When conducted by a trained counselor, Discernment Counseling is highly effective in helping couples decide the future of their marriage.
Unlike traditional couples counseling, discernment counseling does not measure success merely by counting the number of “saved” marriages. Instead, discernment counseling is considered successful when the couple decides confidently about the future of their marriage.
When considering divorce, a couple is faced with three potential paths.
Path 1: Status Quo
Path 2: Divorce/Breaking up
Path 3: 6-months of Couples Counseling (or any other way to create the desired change)
Path 1: Status Quo.
This is a path best when couples are not yet in a place to determine whether or not they want to divorce or continue the marriage.
Perhaps they need more time to think about it. Perhaps they want to go through a separation process.
Maybe one or both partners needs to complete individual therapy, addictions treatment, or another obligation first before the couple can accurately and confidently decide the future of their relationship.
10% of all couples that being Discernment Counseling choose this path. For many however, they feel like they have already been in a place of “status quo” and are tired of it and rule this path out.
Path 2: Divorce/Break-up.
This path is best when one or both people are unwilling to work on the marriage or stay together. In order to prevent against a hasty or mis-informed decision of Path 2, it is best for participants to clearly know and identify what are the underlying problems in the marriage.
Also, through that discussion, one or both of them have come to the conclusion that the marriage is unfixable and, thus, unlikley to improve.
Path 2 can be the correct choice for a variety of reasons. For example; if the spouse that is considering divorce is unwilling to work to improve the marriage and is unwilling to stay married.
If one or both partners are unwilling or unable to make the changes necessary to meet the needs of the other person, that may also lead the couple to choose Path 2.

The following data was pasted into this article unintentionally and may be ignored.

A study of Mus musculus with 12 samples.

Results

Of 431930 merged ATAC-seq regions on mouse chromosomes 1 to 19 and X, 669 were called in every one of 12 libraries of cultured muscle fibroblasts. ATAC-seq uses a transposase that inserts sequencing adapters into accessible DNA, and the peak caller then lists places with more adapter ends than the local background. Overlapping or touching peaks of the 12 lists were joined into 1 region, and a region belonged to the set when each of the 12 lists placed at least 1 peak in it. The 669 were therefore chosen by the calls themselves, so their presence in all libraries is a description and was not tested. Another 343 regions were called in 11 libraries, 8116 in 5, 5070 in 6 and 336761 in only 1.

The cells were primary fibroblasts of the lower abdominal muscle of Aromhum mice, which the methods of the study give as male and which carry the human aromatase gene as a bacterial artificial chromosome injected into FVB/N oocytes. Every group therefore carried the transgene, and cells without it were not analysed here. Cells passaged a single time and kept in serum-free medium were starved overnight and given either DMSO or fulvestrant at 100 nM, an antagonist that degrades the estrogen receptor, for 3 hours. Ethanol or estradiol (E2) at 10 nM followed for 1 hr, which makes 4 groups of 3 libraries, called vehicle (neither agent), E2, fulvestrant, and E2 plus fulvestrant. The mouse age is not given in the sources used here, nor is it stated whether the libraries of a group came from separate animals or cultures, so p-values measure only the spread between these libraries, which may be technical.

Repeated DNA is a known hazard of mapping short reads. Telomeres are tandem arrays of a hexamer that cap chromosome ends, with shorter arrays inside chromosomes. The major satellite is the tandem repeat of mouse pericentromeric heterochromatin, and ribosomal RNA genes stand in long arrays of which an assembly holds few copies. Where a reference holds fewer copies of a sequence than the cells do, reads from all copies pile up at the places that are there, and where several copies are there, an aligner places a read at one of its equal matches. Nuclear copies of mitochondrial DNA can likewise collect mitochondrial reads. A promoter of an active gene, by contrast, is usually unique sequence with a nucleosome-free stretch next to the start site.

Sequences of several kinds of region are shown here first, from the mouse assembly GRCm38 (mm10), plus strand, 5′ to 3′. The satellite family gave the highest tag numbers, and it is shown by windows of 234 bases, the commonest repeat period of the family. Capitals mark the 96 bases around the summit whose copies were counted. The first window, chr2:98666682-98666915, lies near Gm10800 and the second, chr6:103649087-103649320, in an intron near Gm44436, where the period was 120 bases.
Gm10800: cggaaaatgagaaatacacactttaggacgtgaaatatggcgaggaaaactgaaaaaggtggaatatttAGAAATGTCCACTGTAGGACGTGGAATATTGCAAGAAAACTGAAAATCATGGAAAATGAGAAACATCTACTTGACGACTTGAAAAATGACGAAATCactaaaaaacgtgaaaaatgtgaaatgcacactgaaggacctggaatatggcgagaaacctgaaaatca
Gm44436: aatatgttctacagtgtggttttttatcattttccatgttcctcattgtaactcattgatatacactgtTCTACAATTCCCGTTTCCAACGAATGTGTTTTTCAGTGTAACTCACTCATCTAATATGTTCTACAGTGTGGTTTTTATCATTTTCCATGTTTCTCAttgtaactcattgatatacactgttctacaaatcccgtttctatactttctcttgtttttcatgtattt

Since the goal is having confidence in your decision, it is important for participants of Discernment Counseling to openly and honestly talk about the flaws in the relationship, and their true willingness to work to change the problems.
60% of all couples that participate in Discernment Counseling choose Path 2.
Please note: every marriage has problems, and most marriages have one or more big problems. If you are considering Path 2, just be sure whether or not the problems are “fatal flaws” before choosing Path 2.
Path 3: All-out-effort.
40% of all couples that participate in Discernment Counseling choose Path 3. When choosing Path 3, couples are typically committing to the following:
- An all-out-effort, over a period of 6+ months, of Couples Counseling to see whether or not the relationship can improve.
- A commitment to discontinue any discussion about divorce with your spouse during the all-out-effort.
- To only discuss your couples therapy with people who will be supportive.
- To work on yourself individually in addition to your work as a couple, participating in individual therapy if necessary.
- To treat each other with respect.
- To be as flexible as possible with your time and schedule in order to make change happen.
It is important to note that Path 3 is not a decision to stay together forever. It is a decision to commit to a 6-month (or more) process to see whether or not the relationship can be reconciled.
During Path 3, you will likely be equipped to answer the question “Is this relationship something I want to continue indefinitely, or something I need to exit?”.